Prestigious awards for University of Leicester from the Royal Astronomical Society

University of Leicester academics recognised for their work in planetary and space science

Two University of Leicester academics, Dr Tom Stallard and Dr Nial Tanvir, both from the University’s Department of Physics and Astronomy, have received prizes announced today (Friday 11 January) by the Royal Astronomical Society (RAS).

Dr Tom Stallard, Associate Professor in Planetary Astronomy, receives the Chapman Medal in Geophysics for his contributions to understanding planetary upper atmospheres and their interactions with their associated magnetospheres. Professor Tanvir, world-leading expert in explosive-universe studies, and Lecturer in Physics and Astronomy, Department of Physics and Astronomy, receives the Herschel Medal.

Dr Stallard’s observations have led to the detection and characterisation of wind systems in Jupiter and Saturn’s auroral/polar regions. Dr Stallard has also discovered evidence of major energetic processes and events such as signatures of magnetosphere-ionosphere coupling, ion vertical profiles, and key temperature and density changes.

His latest contribution is the discovery of Jupiter’s magnetic equator signatures. This work is typical of his insight, patience, and the way in which his work contributes to and supports space missions. The story behind this discovery is explained by Dr Stallard on Nature Research communities.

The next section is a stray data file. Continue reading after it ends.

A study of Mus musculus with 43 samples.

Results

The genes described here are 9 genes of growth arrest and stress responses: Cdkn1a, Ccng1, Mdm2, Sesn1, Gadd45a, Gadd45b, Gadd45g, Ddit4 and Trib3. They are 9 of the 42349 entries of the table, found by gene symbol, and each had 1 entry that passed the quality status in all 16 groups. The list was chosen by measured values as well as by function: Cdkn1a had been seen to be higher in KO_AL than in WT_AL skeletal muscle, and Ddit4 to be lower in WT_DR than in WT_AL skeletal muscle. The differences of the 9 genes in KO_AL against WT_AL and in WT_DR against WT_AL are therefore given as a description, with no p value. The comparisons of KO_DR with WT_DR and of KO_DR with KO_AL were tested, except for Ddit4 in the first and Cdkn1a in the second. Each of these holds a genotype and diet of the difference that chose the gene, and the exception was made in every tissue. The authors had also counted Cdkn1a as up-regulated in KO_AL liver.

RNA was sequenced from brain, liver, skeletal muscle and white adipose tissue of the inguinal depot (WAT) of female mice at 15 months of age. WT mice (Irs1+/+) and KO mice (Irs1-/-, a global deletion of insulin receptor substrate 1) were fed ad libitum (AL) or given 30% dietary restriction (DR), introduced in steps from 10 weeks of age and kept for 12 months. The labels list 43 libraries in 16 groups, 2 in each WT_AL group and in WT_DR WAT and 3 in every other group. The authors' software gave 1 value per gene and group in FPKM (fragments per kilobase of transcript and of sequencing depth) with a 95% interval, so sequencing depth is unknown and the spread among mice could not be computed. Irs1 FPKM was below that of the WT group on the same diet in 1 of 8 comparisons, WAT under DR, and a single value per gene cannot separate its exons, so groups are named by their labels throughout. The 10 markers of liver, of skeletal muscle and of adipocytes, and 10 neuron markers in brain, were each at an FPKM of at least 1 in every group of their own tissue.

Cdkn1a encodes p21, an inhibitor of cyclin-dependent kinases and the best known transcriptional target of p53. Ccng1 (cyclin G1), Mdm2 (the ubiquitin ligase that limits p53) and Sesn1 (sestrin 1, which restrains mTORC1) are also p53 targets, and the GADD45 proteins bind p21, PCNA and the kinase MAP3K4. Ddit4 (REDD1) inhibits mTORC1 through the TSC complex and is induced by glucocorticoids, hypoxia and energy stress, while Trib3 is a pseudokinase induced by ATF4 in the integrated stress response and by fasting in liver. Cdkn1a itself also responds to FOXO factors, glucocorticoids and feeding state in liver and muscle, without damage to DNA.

Dr Stallard said: “I am delighted and deeply honoured to have been awarded the Chapman medal. I am immensely grateful for the support I’ve received over the years from friends and collaborators worldwide and especially my colleagues at the University of Leicester and previously at University College London.

“My work as part of both the astronomical and planetary science communities has benefitted incalculably through the diligence and patience of the staff and fellow researchers at telescopes like Keck, VLT (Very Large Telescope) and IRTF (Infrared Telescope Facility), as well as space missions like Cassini and Juno, and so I also extend my heartfelt thanks to them.”

Dr Tanvir has been at the forefront of searching for explosions created by mergers of extremely dense stars, also known as neutron stars.  These events are of particular interest as they create gravitational waves. They are also thought to be the origin of the majority of elements like gold and platinum in the universe."

Dr Tanvir said: "It was a wonderful surprise to hear that I am to be awarded the RAS Herschel medal.  The projects I have worked on take years to come to fruition, and involve the efforts of many people.

“I'm very honoured to receive this recognition from my fellow astronomers."

Professor Mike Cruise, President of the Royal Astronomical Society, said: “Astronomy and geophysics are disciplines led by an extraordinarily talented group of people. The Royal Astronomical Society recognises the achievements of the very best of these men and women with our medals and awards.

“Our prizes are won by researchers at all stages of their careers, studying the core of the Earth, the distant universe, and everything in between. My congratulations to them all!”

The awards will be presented at the National Astronomy Meeting in Lancaster in July.